Stacey Hayes, 55, is expected to be charged for the killing of Anrae James, 43. He also is expected to face four counts of attempted murder and related counts for firing at officers after fleeing.

Philadelphia police outside Jefferson Hospital early Monday morning. Anrae Thomas, a nursing assistant, was killed by a coworker, and two Philadelphia police officers were shot in a subsequent gun battle with the suspect.
Philadelphia police outside Jefferson Hospital early Monday morning. Anrae Thomas, a nursing assistant, was killed by a coworker, and two Philadelphia police officers were shot in a subsequent gun battle with the suspect.Read moreALEJANDRO A. ALVAREZ / Staff Photographer

The man suspected of fatally shooting a coworker at Thomas Jefferson University Hospital early Monday and then starting a shootout with police after fleeing the scene will be charged with murder and related crimes, authorities said Tuesday.

Stacey Hayes, 55, is expected to be charged in the death of Anrae James, 43, a certified nursing assistant who was killed shortly after midnight on the ninth floor of the hospital, said Chief Inspector Frank Vanore.

Hayes also is expected to face four counts of attempted murder, aggravated assault, and related charges for firing at officers in the city’s Parkside section after he drove a U-Haul truck from the murder scene, Vanore said. Two officers were wounded in the gun battle, according to police, and one remained hospitalized Tuesday because of gunshot wounds to his arm.

The investigation into the episode is ongoing. Vanore said detectives were still gathering evidence in the hospital shooting and seeking to learn more about why Hayes had targeted James.

“We have not discovered any hostility between them, or any issues that we can point out,” Vanore said.

It was not clear Tuesday if Hayes had retained an attorney for his expected charges. He remained hospitalized after being shot by police during the shootout on the 4100 block of Parkside Avenue, police said.

Attempts by Inquirer reporters to reach his relatives Monday and Tuesday were unsuccessful; someone who answered the door Tuesday at one of his addresses declined to comment. And neighbors at three addresses connected to him said they didn’t know him.

James’ father, William, said Tuesday afternoon that he hadn’t heard that murder charges in the death of his son were imminent. The elder James has described his son as a hardworking father of three who loved his family and worked two jobs as a certified nursing assistant and part time as a barber to provide for his children. He said he had no idea why anyone would want to harm his son and was stunned to learn that he had been killed at the hospital.

Court documents obtained by The Inquirer on Tuesday raised further questions about another mystery connected to the incident: Hayes’ access to firearms.

Earlier this year, he successfully petitioned a city judge to return three guns to him — a handgun, a shotgun, and an AR-15 rifle. Authorities had seized the weapons in August 2020, Hayes wrote in a petition to get the guns back. But he did not specify why they were taken in the first place.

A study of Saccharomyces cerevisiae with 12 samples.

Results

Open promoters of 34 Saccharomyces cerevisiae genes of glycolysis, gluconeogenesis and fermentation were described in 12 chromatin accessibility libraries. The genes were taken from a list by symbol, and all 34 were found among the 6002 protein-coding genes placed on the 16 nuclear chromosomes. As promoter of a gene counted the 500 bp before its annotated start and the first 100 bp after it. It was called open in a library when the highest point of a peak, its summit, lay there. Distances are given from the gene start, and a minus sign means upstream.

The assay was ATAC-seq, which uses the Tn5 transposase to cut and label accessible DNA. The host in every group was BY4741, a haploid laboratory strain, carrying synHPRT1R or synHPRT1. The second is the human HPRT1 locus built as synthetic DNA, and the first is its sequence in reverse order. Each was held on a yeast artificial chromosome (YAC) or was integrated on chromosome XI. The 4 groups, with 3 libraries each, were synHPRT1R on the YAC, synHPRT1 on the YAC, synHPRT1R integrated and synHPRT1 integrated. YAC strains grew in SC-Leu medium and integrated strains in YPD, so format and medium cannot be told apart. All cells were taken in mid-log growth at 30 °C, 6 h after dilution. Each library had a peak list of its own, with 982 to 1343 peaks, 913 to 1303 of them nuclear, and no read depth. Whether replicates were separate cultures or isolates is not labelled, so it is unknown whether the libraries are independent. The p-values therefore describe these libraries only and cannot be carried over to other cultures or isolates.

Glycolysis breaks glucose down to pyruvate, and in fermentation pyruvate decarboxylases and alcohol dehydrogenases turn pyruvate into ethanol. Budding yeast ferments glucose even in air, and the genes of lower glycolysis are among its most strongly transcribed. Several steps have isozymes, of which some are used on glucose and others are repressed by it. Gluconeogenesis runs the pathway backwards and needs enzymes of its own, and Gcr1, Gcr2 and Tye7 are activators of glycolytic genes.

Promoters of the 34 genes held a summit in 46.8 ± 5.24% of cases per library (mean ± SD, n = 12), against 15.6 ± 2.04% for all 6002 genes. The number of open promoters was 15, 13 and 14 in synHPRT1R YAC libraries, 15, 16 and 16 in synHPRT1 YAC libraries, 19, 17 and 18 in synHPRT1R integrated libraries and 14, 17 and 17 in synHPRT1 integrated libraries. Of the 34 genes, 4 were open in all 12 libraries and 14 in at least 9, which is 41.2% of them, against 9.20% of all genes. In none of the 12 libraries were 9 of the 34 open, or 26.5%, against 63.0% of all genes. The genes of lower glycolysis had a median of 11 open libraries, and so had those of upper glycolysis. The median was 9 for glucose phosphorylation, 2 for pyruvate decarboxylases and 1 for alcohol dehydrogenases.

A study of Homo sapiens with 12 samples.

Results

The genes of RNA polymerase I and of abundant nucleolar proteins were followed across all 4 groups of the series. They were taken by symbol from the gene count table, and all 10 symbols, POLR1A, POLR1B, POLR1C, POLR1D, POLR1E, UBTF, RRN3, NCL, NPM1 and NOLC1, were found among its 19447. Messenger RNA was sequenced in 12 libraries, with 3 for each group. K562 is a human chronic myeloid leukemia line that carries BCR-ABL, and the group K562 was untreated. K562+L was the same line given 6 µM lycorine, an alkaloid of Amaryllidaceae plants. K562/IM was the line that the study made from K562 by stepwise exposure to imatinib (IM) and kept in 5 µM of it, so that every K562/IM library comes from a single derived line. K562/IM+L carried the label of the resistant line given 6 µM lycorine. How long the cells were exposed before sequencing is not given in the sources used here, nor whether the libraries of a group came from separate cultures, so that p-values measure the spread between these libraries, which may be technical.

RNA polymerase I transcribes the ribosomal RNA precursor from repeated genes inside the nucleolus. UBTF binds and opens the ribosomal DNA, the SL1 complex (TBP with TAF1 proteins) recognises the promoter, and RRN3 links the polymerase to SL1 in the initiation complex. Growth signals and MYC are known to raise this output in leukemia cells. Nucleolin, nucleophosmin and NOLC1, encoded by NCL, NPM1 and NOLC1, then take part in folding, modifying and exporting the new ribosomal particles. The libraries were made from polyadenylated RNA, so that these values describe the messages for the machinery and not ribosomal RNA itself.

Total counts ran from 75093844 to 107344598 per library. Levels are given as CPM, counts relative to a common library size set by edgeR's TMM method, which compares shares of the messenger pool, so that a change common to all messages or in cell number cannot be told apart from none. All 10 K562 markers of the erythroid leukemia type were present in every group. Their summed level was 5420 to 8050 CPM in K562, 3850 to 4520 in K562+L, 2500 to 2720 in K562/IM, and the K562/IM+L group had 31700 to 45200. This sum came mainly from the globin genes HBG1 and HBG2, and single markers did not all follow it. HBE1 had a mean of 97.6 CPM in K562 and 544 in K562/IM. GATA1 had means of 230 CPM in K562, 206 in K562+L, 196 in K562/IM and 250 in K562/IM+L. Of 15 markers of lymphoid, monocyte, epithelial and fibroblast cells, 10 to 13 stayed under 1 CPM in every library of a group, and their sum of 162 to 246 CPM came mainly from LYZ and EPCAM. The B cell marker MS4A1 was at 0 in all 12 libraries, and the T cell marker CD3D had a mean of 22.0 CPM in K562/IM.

Under state law, authorities can require someone give up legally purchased firearms if they suspect the weapons were used in a crime. They can also seize weapons from a person who is committed to a behavioral health facility or is the subject of an active protection-from-abuse order.

There is no record of the confiscation in Hayes’ case being connected to criminal charges or to a protection-from-abuse order.

The Police Department declined to comment on its role in the apprehension of his weapons.

A brief transcript of Hayes’ appearance in court in connection with the matter earlier this year, on June 3, also doesn’t shed light on why the guns were seized. The transcript shows that a city prosecutor didn’t object to his request to get his guns back. And Common Pleas Court Judge Crystal Bryant-Powell approved it.

Bryant-Powell declined to comment on the case, as did Jane Roh, a spokesperson for the District Attorney’s Office.

In general, Roh said, when someone files for the return of a firearm, prosecutors review the petitioner’s criminal record, submit their information for a background check through the State Police, and check for active investigations involving the gun in question.

Police have not said if the guns Hayes is accused of using Monday were the same ones he regained possession of in June.

Vanore said surveillance video of the killing at Jefferson showed Hayes getting off an elevator, “walking directly toward” James, who was seated at a workstation, and opening fire with what appeared to be a handgun.

It was not clear if Hayes was supposed to have been working at the time, Vanore said, but detectives believe he used an employee entrance to head to the ninth floor before committing the crime.

Hayes left the hospital after the shooting in a U-Haul truck, police said. An hour later, around 1:25 a.m., a passerby flagged down officers in Parkside, near the School of the Future, saying a man in scrubs nearby had a gun and was possibly firing shots in the air, said Commissioner Danielle Outlaw.

Police said Tuesday that four officers approached Hayes and told him to drop his gun, but instead he opened fire on them. The officers fired back, police said, and Hayes — who was wearing a bulletproof vest and had several guns, including a semiautomatic assault rifle — was struck in the upper body and neck.

Police have not identified the officers who opened fire, except to say they were assigned to the 16th District.

It was not clear when Hayes might be arraigned on his impending charges. He was expected to be held without bail because of the murder charge.

Staff writers William Bender, Barbara Laker, and Marina Affo contributed to this article.